Energy (from the Greek ἐνέργεια}} - energeia, "activity, operation", from ἐνεργός - energos, "active, working"  is a scalar physical quantity that is an attribute of objects and systems that is conserved in nature. In physics textbooks, energy is often defined as the ability to do work or to cause change.
Several different forms of energy exist to explain all known natural phenomena. These forms include (but are not limited to) kinetic, potential, thermal, gravitational, sound, light, elastic, and electromagnetic energy. Any form of energy can be transformed into another form, but the total energy always remains the same. This principle, the conservation of energy, was first postulated in the early 19th century, and applies to any isolated system. According to Noether's theorem, the conservation of energy is a consequence of the fact that the laws of physics do not change over time.(Jacaranda Physics ISBN 0 7016 3777 3
Although the total energy of a system does not change with time, its value may depend on the frame of reference. For example, a seated passenger in a moving airplane has zero kinetic energy relative to the airplane, but non-zero kinetic energy relative to the Earth.
The word energy derives from Greek ἐνέργεια (energeia), which appears for the first time in the work "Nicomachean Ethics" by Aristotle in the 4th century BC. In 1021 AD, the Arabian physicist, Alhazen, in the Book of Optics, held light rays to be streams of minute energy particles, stating that "the smallest parts of light" retain "only properties that can be treated by geometry and verified by experiment" and that "they lack all sensible qualities except energy." In 1121, Al-Khazini, in The Book of the Balance of Wisdom, proposed that the gravitational potential energy of a body varies depending on its distance from the centre of the Earth. (Encyclopedia of the History of Arabic Science ISBN 0415124107
The concept of energy emerged out of the idea of vis viva, which Leibniz defined as the product of the mass of an object and its velocity squared; he believed that total vis viva was conserved. To account for slowing due to friction, Leibniz claimed that heat consisted of the random motion of the constituent parts of matter — a view shared by Isaac Newton, although it would be more than a century until this was generally accepted. In 1807, Thomas Young was the first to use the term "energy" instead of vis viva, in its modern sense. (The Science of Energy - a Cultural History of Energy Physics in Victorian Britain ISBN 0-226-76420-6) Gustave-Gaspard Coriolis described "kinetic energy" in 1829 in its modern sense, and in 1853, William Rankine coined the term "potential energy." It was argued for some years whether energy was a substance (the caloric theory) or merely a physical quantity, such as momentum.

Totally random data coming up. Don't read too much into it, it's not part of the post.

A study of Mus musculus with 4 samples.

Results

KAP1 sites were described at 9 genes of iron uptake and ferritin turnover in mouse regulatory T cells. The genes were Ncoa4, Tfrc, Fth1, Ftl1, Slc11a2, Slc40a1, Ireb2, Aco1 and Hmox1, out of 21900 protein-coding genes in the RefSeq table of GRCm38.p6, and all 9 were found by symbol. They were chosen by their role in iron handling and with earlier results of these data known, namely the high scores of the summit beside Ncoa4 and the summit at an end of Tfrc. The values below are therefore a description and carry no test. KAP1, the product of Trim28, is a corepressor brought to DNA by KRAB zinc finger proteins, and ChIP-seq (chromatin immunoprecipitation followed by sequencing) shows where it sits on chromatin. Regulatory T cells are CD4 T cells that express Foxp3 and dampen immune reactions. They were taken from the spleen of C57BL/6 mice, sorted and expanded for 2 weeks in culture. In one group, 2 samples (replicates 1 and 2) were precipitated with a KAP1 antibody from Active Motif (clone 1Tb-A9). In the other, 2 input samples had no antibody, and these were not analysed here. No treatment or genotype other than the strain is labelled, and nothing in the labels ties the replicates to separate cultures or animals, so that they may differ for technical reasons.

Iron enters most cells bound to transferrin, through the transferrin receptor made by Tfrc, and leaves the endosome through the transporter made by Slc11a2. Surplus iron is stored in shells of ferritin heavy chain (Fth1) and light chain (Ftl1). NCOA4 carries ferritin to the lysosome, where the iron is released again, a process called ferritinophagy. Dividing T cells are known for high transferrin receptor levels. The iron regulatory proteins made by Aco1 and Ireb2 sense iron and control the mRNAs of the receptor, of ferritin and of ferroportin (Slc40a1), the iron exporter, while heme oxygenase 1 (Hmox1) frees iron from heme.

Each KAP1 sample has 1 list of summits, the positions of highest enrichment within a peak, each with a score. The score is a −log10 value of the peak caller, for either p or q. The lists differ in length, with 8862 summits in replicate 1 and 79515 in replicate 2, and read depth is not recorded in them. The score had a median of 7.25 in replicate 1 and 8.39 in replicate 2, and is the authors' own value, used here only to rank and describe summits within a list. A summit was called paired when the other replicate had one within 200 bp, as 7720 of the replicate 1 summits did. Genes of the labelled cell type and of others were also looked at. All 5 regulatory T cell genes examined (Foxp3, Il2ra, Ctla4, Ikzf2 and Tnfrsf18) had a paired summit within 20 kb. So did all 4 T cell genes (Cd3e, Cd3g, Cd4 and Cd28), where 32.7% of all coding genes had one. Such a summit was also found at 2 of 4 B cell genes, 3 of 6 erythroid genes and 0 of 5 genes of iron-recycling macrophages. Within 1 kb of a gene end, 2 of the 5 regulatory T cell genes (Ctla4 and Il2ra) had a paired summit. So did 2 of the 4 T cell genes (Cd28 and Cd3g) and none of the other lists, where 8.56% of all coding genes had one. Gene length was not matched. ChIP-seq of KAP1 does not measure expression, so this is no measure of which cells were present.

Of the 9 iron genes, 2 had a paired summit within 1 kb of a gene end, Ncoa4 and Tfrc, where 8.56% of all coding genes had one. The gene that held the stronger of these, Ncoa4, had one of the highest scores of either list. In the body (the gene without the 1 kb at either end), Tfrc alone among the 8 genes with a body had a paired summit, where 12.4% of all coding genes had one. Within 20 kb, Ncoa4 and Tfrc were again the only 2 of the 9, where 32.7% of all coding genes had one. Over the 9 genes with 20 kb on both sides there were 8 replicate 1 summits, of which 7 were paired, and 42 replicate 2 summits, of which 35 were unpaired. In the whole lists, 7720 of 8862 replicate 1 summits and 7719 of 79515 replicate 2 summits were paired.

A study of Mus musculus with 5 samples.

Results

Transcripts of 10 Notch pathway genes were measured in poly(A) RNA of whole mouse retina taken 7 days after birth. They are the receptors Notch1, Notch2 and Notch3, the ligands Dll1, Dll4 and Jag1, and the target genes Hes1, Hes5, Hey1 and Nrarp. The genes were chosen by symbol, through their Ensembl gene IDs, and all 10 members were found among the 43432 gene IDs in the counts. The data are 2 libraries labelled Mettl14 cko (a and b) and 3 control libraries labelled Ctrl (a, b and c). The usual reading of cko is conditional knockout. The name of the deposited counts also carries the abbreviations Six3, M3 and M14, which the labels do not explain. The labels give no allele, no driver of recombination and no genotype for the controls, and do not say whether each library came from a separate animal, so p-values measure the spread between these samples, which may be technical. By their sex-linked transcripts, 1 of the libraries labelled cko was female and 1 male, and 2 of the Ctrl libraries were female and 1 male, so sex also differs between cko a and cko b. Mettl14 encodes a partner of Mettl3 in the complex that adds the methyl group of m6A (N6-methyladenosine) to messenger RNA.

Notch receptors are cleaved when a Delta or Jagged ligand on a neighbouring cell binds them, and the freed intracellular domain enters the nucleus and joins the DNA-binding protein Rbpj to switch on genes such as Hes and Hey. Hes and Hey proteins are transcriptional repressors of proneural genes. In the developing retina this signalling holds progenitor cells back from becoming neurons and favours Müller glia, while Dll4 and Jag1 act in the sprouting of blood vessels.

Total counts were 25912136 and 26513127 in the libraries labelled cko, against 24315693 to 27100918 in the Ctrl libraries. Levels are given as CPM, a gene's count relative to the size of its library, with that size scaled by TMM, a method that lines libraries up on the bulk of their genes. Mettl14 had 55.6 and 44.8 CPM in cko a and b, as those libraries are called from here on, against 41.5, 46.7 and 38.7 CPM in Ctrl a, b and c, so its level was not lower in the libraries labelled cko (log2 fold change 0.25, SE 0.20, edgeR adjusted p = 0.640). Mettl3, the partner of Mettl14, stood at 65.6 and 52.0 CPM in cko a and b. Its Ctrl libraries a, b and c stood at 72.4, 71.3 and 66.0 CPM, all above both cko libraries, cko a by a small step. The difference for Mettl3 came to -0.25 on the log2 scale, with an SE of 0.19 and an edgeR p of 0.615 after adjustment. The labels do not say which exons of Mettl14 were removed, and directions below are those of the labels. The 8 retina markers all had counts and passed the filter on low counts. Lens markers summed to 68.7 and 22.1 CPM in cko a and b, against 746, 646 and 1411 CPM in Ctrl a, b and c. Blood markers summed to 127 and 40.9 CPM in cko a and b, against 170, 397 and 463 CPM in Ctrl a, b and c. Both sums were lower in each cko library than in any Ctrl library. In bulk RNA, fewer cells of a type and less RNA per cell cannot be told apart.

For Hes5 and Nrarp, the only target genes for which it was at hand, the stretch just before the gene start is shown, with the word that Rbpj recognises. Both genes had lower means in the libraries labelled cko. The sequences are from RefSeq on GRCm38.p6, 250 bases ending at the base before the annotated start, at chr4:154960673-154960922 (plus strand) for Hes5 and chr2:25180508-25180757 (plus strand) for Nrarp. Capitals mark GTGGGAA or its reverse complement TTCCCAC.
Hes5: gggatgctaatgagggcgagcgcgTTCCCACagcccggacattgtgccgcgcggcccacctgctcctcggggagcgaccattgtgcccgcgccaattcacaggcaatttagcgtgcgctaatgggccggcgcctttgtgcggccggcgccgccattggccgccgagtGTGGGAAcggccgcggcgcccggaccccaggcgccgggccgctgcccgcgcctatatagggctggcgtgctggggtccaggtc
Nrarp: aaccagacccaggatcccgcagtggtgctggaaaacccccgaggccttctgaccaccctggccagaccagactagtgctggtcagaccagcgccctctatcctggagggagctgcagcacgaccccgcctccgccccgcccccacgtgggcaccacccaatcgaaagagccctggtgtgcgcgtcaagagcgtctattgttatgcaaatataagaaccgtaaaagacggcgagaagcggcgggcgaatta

William Thomson (Lord Kelvin) amalgamated all of these laws into the laws of thermodynamics, which aided in the rapid development of explanations of chemical processes using the concept of energy by Rudolf Clausius, Josiah Willard Gibbs, and Walther Nernst. It also led to a mathematical formulation of the concept of entropy by Clausius and to the introduction of laws of radiant energy by Jožef Stefan.
During a 1961 lecture California Institute of Technology, Richard Feynman, a celebrated physics teacher and Nobel Laureate, said this about the concept of energy:
- There is a fact, or if you wish, a law, governing natural phenomena that are known to date. There is no known exception to this law; it is exact, so far we know. The law is called conservation of energy; it states that there is a certain quantity, which we call energy, that does not change in manifold changes which nature undergoes. That is a most abstract idea, because it is a mathematical principle; it says that there is a numerical quantity, which does not change when something happens. It is not a description of a mechanism, or anything concrete; it is just a strange fact that we can calculate some number, and when we finish watching nature go through her tricks and calculate the number again, it is the same.The Feynman Lectures on Physics
Since 1918 it has been known that the law of conservation of energy is the direct mathematical consequence of the translational symmetry of the quantity conjugate to energy, namely time. That is, energy is conserved because the laws of physics do not distinguish between different moments of time.